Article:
Born in Coalville, Leicestershire in 1882 or 1883, Smith worked at Linby Colliery from the age of thirteen. He joined the Nottinghamshire Miners" Association (NMA) and quickly became a key supporter of Herbert Booth, and he joined the British Socialist Party. Smith later moved to Hucknall, where he stood for the Labour Party in local elections.
He frequently came into dispute with the leadership of the NMA and, on one occasion, he broke the windows of their headquarters.
Perhaps for this reason, he moved to Ellistown in Coalville, where he was elected agent for the Leicestershire Miners" Association (LMA), replacing Levi Lovett, and he was soon elected onto the executive committee of the Miners" Federation of Great Britain (MFGB), where he was a supporter of A. J. Cook. He organised swimming galas in the town, participating himself.
During the 1926 United Kingdom general strike, and the miners" strike which followed, Smith organised a fundraising caravan tour, where he spoke alongside the comedian Billy Burton. However, this was unpopular with some union members, who felt that he should be more involved in union business in the county.
Although he returned, he went on a short awareness-raising tour of Russia in November.
Through these activities, he split with the majority of his union"s executive, in particular, the right-wing secretary Tom Gowdridge, who had encouraged miners to return to work. The strike concluded by the end of the year, and Gowdridge announced that the union could no longer afford to pay an agent. Smith was upset by what he saw as political manoeuvering, and the de-politicisation of the union.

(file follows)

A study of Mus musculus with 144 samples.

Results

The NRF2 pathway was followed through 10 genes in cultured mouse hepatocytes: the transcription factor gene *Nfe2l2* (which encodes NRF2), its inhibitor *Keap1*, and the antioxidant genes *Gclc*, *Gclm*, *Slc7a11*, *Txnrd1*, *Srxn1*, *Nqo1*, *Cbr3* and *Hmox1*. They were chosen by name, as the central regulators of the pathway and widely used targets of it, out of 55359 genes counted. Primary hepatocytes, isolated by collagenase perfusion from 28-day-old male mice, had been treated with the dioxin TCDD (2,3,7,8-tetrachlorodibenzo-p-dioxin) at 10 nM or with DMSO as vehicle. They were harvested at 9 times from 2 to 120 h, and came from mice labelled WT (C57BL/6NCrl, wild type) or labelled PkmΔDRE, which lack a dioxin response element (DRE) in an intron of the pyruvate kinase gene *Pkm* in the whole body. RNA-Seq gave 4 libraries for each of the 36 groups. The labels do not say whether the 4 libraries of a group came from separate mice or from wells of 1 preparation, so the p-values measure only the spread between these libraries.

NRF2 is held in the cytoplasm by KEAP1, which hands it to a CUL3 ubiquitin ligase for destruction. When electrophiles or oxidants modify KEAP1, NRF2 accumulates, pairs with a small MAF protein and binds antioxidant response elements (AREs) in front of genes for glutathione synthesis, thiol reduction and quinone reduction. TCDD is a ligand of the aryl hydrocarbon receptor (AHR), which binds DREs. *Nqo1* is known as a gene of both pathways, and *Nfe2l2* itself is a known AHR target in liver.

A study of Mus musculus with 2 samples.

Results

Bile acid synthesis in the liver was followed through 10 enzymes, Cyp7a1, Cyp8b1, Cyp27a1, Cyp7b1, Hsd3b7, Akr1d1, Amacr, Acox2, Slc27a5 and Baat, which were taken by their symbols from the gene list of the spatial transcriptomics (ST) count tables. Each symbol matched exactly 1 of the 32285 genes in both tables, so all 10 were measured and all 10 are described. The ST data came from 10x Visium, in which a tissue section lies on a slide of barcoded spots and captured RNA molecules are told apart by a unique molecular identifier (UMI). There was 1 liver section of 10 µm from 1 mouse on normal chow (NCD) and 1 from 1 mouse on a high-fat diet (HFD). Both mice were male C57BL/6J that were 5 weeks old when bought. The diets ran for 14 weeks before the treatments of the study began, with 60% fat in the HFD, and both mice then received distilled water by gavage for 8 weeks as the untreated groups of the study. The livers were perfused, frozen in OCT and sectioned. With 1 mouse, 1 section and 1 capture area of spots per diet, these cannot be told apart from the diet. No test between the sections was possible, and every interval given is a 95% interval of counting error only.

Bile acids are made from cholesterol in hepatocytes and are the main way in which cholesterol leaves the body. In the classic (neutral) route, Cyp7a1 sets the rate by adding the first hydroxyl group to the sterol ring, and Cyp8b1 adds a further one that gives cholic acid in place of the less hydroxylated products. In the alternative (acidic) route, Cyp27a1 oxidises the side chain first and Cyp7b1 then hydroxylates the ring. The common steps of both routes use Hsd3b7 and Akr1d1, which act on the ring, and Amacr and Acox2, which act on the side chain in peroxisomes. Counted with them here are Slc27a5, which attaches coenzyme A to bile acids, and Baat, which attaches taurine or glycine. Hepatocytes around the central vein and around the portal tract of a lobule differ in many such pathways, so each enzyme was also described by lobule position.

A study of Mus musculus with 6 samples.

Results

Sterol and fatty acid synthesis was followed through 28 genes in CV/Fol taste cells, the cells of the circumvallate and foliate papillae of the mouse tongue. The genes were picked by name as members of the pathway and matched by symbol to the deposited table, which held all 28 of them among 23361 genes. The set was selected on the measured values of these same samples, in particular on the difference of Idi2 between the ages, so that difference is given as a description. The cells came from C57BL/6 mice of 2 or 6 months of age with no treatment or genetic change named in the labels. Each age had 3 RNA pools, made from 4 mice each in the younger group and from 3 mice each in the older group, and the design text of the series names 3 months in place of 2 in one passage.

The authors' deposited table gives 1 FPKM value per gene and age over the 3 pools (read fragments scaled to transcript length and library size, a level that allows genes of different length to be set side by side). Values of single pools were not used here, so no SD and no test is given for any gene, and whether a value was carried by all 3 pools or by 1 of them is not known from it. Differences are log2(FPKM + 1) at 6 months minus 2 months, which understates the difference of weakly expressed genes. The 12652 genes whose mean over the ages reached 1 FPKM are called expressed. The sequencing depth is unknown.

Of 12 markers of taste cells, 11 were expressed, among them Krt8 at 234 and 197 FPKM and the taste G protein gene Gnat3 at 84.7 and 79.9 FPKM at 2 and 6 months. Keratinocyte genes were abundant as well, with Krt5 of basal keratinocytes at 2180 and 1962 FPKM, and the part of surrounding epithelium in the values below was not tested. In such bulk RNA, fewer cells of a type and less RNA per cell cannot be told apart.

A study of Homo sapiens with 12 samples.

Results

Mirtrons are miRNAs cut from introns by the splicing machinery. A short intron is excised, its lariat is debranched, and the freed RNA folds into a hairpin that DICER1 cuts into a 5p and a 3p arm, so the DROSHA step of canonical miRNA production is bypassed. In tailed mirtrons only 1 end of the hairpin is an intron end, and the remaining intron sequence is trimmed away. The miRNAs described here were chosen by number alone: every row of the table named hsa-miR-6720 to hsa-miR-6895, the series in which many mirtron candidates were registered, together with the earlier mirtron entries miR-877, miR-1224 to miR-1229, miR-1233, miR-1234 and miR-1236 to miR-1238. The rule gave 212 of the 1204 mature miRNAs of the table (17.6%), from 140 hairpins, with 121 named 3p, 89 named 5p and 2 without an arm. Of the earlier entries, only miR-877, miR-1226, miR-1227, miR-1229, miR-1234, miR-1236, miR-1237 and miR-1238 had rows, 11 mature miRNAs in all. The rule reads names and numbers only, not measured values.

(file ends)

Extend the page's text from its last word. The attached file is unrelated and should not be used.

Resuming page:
He resigned and formed the rival "New Miners" Union" in January 1927, immediately attracting somewhere between one hundred and 250 members, in a similar fashion to the later creation of the United Mineworkers of Scotland.
He asked that his organisation be permitted to affiliate to the MFGB, but Cook instead decided that the two rival unions should be reunited. Smith disbanded his union in March, on condition that the LMA hold an election for a new agent, and accept his candidacy for the post.
Gowdridge ultimately did not hold an election, and the unemployed Smith instead moved to Leicester and set up an ice cream-selling business. This not a success, and he moved on to London, where he slept rough, before returning to Coalville.
Although, on his return, Smith had no formal organisation of supporters, he retained considerable sympathy among the rank-and-file miners, and he organised well-attended political meetings
He spoke forcefully against Gowdridge and, in 1934, he was in the news for threatening to break the LMA"s office windows. By this time, he was well known as a poacher, but also worked legally, sweeping streets and undertaking general labouring. In 1936, the LMA finally held an election for a new agent, judging correctly that Smith no longer had sufficient support to be elected - despite campaigning, he failed to be nominated by a single branch.